Tomb of Joseph (Nablus)

By the Editors of the Madain Project

The tomb of Joseph (قبر يوسف), is a funerary monument located at the eastern entrance to the valley that separates Mounts Gerizim and Ebal, believed to be the burial site of prophet Joseph. Although the Bible does not identify a specific site in Shechem where his bones were laid to rest, the site has been venerated by Samaritans since the second century CE.


In the book of Joshua (24:32), Joseph’s bones are said to have been brought from Egypt by the Children of Israel and interred in Shechem. The Bible does not identify a specific site in Shechem where his bones were laid to rest. The rabbis suggest that Joseph instructed his brothers to bury him in Shechem since it was from there he was taken and sold into slavery.

Other Jewish sources have him buried either in Safed, or, according to an aggadic tradition, have him interred at Hebron according to his own wishes. This ambiguity is reflected in Islamic tradition as well, which points to Nablus as being the authentic site, though some early Islamic geographers identified the Cave of the Patriarchs in Hebron as housing his tomb.

Moses is said to have gathered the bones and taken them with him during the Exodus from Egypt, using magic to raise the coffin, a tradition repeated by Josephus, who specifies that they were buried in Canaan at that time.

Shrine Complex

circa 400 CE

Courtyard and the Walls
The tomb complex is located on the road-side from Balata to ‘Askar, at the end of a row of fine fig trees. The building is in the Ottoman-style and consists of a northern courtyard with a central font and a domed inner room with a stone cenotaph as the focus of veneration. The open courtyard surrounding the tomb measures about 18 foot (5.5 m) square. The plastered, whitewashed walls, about 1 foot (0.30 m) thick, are in good repair and stand 10 foot (3.0 m) high. Entrance to the courtyard is from the north through the ruin of a little square domed building. There are two Hebrew inscriptions on the south wall.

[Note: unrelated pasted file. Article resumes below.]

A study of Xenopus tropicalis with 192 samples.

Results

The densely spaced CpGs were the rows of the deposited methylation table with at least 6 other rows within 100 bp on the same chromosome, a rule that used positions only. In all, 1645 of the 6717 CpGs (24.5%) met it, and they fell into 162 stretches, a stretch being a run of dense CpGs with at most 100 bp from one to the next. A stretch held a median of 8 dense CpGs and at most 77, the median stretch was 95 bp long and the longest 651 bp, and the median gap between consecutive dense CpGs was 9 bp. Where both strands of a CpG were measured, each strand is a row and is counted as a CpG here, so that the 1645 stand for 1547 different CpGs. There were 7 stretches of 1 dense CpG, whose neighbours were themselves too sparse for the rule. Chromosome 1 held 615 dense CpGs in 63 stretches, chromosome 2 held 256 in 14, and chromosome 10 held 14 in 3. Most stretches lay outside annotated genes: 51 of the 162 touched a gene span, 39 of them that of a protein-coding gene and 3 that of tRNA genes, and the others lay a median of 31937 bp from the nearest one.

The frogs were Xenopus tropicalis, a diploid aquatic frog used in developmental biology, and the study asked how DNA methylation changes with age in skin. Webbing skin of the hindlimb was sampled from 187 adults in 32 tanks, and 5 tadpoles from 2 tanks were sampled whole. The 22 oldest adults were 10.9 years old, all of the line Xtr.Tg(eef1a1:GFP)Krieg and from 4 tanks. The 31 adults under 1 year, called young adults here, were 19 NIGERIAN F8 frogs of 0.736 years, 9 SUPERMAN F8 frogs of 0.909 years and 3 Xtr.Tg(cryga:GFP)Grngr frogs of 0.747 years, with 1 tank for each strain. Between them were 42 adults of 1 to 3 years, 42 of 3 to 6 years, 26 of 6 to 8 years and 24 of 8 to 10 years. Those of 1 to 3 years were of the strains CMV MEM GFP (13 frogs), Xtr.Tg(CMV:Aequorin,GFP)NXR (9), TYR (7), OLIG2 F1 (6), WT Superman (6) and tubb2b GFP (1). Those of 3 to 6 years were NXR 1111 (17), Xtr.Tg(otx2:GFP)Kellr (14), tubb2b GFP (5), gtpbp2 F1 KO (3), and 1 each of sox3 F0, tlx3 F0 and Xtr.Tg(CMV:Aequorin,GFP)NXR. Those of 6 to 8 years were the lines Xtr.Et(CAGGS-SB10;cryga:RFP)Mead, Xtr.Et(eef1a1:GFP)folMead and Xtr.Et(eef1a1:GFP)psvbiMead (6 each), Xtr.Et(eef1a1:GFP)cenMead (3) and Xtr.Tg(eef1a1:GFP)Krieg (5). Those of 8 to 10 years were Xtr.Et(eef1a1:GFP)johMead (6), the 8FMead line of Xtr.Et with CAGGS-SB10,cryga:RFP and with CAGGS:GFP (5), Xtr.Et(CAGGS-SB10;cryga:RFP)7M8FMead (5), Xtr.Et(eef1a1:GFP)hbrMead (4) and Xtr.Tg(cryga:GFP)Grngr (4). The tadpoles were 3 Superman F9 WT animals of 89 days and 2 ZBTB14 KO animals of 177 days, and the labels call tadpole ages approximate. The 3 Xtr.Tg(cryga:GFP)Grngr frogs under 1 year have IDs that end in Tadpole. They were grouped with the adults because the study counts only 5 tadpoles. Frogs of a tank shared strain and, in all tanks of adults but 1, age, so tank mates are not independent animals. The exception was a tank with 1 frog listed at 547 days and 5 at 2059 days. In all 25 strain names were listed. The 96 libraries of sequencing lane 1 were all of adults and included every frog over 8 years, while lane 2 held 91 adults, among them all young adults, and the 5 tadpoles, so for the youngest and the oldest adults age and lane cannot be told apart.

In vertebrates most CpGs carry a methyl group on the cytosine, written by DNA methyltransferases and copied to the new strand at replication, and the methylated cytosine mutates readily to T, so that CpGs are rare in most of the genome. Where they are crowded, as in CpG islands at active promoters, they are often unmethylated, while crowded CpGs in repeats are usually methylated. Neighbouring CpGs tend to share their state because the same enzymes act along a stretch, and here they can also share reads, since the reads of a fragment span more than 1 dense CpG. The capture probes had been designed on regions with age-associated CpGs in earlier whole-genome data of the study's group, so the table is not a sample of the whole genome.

circa 400 CE

Burial Chamber
The present "burial-chamber" structure, a small rectangular room with a cenotaph, dates from 1868, and is devoid of any trace of ancient building materials. The tomb (cenotaph) is not in line with the walls of the courtyard, nor is it in the middle of the enclosure, being nearest to the west wall.

Traditional Origins

circa 400 CE

For Schenke, the tradition of Joseph's burial at Shechem can only be understood as a secondary, Israelitic historical interpretation woven around a more ancient Canaanite shrine in that area. Wright has indeed argued that "the patriarch Joseph was not an Israelite hero who became Egyptianised, but an Egyptian divinity who was Hebraised".

Conder questions the fact that the tomb points north to south, inconsistent with Muslim tombs north of Mecca. This fact did not however diminish Muslim veneration of the shrine: The tomb points approximately north and south, thus being at right angles to the direction of Moslem tombs north of Mecca. How the Mohammedans explain this disregard of orientation in so respected a Prophet as "our Lord Joseph", I have never heard; perhaps the rule is held to be only established since the time of Mohammed.

Joseph's Tomb on Madaba Map

circa 400 CE

Also in the sixth century, during the reign of the Byzantine Emperor Justinian (527–565 CE), Joseph’s tomb was included on the Madaba Mosaic Map, indicating the shrine existed before Islamic era. This is also supported by a description of the tomb by the sixth century CE, Christian pilgrim and archdeacon Theodosius. Who mentions in his De situ Terrae Sanctae, “close to Jacob’s Well are the remains of Joseph the Holy” (Golden 2004: 187).

Burial in Egypt

circa 400 CE

According to the Bible, Joseph was embalmed and buried in a coffin in Egypt (Goshen/Avaris), after having his people swear to carry his bones away. Later midrash identify his first entombment in a royal mausoleum, or as cast into the Nile. A more recent discovery of a "statue of an Asiatic Dignitary", by Bietak is hypothesised as the original burial site of Joseph in Egypt.